By  Senior Market Advisors  on June 24, 2019

MACRA will go into effect on January 1, 2020. It could make a huge difference in what plans you sell to new Medicare eligibles, and how you sell them. Your sales strategy could be affected in a big way.

What is MACRA?

MACRA, or the Medicare Access and CHIP Reauthorization Act, is a federal law that was signed in April of 2015. In 2020 it will prohibit the sale of Medicare Supplement (Medigap) policies that provide coverage for Part B deductibles (C, F, and High Deductible F).

You will not be able to sell those plans to newly eligible Medicare beneficiaries. However, the change will not affect beneficiaries who are already enrolled in Plan C and Plan F, so they can still renew those Medigap plans.

Another part of MACRA is a value-based payment system for providers. In 2015, the goal was to have 50 percent of Medicare treatment charges based on the quality of service (through alternative payment methods) by the end of 2018.

By 2020, everything will go through MIPS, or the Merit-Based Incentive Payment System. Physicians will receive a score based on quality, use of resources, practice improvement, and meaningful use of certified technology. That score will determine pay adjustments.

Physicians who are in their first year of Medicare service or are below the CMS-standard patient volume threshold will not operate under this system. The changes do not apply to hospitals.

How MACRA Will Affect Medicare Supplement Sales

You will still be able to sell Medicare Supplement plans A, B, G, K, L, M and N to newly eligible Medicare beneficiaries, and the coverage for each plan will remain unchanged. That means your sales strategy in your meetings won’t have to change much.

If a client would’ve received the most benefit from Medigap Plan F, before the 2020 changes, suggest Plan G instead. It offers the same coverage, except it does not offer coverage for the Medicare Part B deductible. Explain to your new clients that they will have to pay the Part B deductible no matter which Medicare Supplement plan they choose.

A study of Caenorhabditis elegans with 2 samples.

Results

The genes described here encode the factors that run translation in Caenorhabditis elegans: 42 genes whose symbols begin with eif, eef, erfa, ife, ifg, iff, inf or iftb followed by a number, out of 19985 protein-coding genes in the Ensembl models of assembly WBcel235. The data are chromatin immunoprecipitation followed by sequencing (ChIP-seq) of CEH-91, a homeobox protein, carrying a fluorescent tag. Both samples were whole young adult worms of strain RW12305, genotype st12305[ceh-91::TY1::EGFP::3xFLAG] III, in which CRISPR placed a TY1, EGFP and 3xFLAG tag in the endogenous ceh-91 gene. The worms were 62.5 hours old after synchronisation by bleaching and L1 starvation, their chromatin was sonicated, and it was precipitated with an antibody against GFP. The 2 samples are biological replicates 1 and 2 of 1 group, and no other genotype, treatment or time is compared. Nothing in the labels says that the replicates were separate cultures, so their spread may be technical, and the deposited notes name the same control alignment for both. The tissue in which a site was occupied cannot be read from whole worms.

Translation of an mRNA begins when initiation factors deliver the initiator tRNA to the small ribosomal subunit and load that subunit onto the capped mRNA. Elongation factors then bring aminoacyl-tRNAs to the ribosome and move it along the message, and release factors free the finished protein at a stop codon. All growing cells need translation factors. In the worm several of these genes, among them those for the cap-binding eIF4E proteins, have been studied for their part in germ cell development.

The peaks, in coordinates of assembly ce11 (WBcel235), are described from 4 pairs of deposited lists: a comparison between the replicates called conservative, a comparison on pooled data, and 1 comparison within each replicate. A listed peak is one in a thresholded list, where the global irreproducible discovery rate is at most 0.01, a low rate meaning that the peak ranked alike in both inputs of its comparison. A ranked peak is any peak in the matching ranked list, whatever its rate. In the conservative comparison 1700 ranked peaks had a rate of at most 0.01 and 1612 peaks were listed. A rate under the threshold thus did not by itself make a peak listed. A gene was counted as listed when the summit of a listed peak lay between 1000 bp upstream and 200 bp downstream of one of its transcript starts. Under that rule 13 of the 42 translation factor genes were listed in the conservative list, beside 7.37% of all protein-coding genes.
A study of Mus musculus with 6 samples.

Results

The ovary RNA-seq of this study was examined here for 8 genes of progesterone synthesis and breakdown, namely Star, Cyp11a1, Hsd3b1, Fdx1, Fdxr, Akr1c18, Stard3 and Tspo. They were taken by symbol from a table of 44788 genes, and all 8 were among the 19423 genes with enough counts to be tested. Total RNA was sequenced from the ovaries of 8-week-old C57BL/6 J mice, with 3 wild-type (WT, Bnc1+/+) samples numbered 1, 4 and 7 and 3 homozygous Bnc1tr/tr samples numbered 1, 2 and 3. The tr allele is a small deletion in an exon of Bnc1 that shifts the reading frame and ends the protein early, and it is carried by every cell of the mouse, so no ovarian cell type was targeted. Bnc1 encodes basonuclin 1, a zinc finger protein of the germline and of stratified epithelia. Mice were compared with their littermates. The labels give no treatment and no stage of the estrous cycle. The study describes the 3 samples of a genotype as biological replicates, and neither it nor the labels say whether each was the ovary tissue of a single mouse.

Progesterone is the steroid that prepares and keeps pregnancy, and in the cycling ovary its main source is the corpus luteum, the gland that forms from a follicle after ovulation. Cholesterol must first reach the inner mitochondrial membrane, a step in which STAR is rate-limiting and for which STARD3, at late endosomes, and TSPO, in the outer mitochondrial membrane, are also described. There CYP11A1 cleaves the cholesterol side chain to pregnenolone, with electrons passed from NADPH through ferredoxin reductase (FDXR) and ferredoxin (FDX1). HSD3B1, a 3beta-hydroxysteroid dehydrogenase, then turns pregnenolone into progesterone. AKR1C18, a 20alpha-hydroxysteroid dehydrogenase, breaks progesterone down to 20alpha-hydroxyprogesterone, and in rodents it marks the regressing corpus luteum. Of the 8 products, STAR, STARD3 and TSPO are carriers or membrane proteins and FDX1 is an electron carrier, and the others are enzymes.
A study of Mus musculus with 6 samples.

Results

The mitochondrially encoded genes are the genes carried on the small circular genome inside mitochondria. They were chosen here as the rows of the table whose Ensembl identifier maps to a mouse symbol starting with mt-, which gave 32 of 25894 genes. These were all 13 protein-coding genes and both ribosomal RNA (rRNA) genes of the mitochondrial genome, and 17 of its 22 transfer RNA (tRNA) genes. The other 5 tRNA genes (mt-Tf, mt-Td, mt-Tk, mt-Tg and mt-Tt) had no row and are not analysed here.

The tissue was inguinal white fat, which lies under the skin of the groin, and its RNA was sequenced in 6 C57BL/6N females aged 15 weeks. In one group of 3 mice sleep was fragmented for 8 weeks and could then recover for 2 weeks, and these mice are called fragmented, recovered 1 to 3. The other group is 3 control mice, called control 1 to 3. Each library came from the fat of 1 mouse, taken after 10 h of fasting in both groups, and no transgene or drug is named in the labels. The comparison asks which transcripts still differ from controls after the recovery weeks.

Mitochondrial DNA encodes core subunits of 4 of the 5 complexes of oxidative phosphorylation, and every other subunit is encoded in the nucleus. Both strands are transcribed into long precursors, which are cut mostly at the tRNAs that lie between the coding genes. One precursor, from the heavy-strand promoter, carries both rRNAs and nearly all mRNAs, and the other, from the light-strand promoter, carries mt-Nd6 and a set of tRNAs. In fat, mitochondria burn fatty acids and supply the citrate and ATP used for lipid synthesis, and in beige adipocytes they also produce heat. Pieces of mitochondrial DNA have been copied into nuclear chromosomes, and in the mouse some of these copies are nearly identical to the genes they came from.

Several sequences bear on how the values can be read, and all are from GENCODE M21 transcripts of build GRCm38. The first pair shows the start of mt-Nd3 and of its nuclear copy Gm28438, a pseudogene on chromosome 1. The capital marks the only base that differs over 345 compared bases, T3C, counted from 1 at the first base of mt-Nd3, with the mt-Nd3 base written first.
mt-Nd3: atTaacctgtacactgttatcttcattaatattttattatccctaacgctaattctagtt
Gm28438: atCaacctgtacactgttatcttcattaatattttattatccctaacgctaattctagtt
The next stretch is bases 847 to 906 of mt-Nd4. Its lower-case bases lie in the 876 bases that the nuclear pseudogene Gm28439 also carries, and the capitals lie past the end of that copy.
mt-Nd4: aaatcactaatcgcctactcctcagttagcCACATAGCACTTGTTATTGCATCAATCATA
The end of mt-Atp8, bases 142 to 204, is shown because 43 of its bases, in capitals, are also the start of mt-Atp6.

MACRA and Medicare Advantage Sales

MACRA does not directly change Medicare Advantage (MA) plans, but it may change what plans you sell. A MA plan will be a better fit for some clients than a Medicare Supplement plan, so you’ll want to contract with many different carriers.

That way you can present your clients with an unbiased array of plan options, and you can pitch the best plans for them, rather than only having a couple of options that might not cover every service they need.

How to Use MIPS in Your Pitches

The merit-based system under MACRA means that doctors who provide low-quality care will not earn as much as high-quality doctors. This will push doctors to work harder and treat their patients better.

Use the MIPS (Merit-based Incentive Payment System) to your advantage when you make your pitch. If your clients express concern about their quality of care, tell them that CMS (Centers for Medicare and Medicaid) pays doctors based on their performance. Or, if your clients aren’t happy with their doctors and they’re eligible to make changes to their coverage, suggest plans that local doctors with high MIPS scores accept.

MIPS can be a selling tool if you know what your clients need, so regular follow-up calls are a big part of customer retention and client satisfaction.

Contract With Us

At Senior Market Advisors, we provide agents with the tools for success, including the most up-to-date information about CMS changes and federal laws.

When you contract with us, you gain access to all of the major carriers so you can provide your clients with options so they can choose the Medicare insurance plan that will best suit their needs. We also offer sales training and marketing support from an experienced in-house team. Ready to start? eContract with us now.

This post was originally published on November 20, 2017, by Anastasia Iliou and was updated by Troy Frink on June 24, 2019.